Watch Kendrick Lamar Perform With the National Symphony Orchestra

Video Credit: The Kennedy Center

Kendrick Lamar and National Symphony Orchestra in the same sentence seems like a rare combination. Tuesday night, however, Lamar hit the Kennedy Center stage for a historic performance with the NSO in Washington, D.C.

Lamar performed many of his hits, including “To Pimp A Butterfly,” “These Walls” and “Alright." Check out the performance above.

According to WTOP, NSO Pops Conductor Steven Reineke said, “This is going to be quite an adventure because you have two very, very different worlds colliding, from a full symphony classical orchestra, with the world of hip-hop. But it’s not something we’re totally unfamiliar with.”

That’s because Reineke also conducted the NSO Pops with rapper Nas last year.

“We basically recreated and reinvented his ‘Illmatic’ album,” Reineke said. “It was epic. It sounded like movie music in a way. It had this really epic scope to it."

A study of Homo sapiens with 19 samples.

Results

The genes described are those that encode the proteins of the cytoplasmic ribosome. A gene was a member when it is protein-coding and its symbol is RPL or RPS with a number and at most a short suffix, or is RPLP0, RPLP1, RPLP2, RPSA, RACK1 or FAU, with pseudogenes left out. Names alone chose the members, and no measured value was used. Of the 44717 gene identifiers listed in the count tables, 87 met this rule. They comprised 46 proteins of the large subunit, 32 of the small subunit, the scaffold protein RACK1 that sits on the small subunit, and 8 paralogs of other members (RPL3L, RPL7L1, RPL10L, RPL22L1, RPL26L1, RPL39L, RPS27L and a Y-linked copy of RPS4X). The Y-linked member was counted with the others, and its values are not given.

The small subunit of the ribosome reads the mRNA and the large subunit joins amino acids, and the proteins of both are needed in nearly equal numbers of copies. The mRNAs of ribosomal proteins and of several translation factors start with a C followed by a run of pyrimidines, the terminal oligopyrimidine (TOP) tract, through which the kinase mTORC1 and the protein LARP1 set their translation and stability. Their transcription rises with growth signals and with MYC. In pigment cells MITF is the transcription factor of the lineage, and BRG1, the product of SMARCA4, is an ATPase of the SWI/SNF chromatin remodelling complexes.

"But when you’re talking in the modern vernacular poetry of current hip-hop and the types of sounds and samples and funk and R&B music that you hear in the background, then you add on top of that the horns and lush strings of a symphony orchestra, it’s a beast that takes on its own entity," Reineke said. "There’s nothing like it in the world.”

Reineke says the idea for hip-hop collaborations was born several years ago.

“A few years ago I realized there’s one genre of music that’s very important in American culture that we have never worked with … and that is hip-hop," Reineke said. "We were able to do that with Nas and now we’re continuing that with Kendrick Lamar."

"I feel like we have a stewardship to the great American songbook and to me that’s always being written. It’s not just Irving Berlin and George Gershwin," Reineke said. "It’s guys of today who are writing and they have something important to say. A guy like Kendrick Lamar, the artistry is really high.

"The message that Kendrick has, the things he talks about, the modern-day current issues are very valuable,” Reineke said.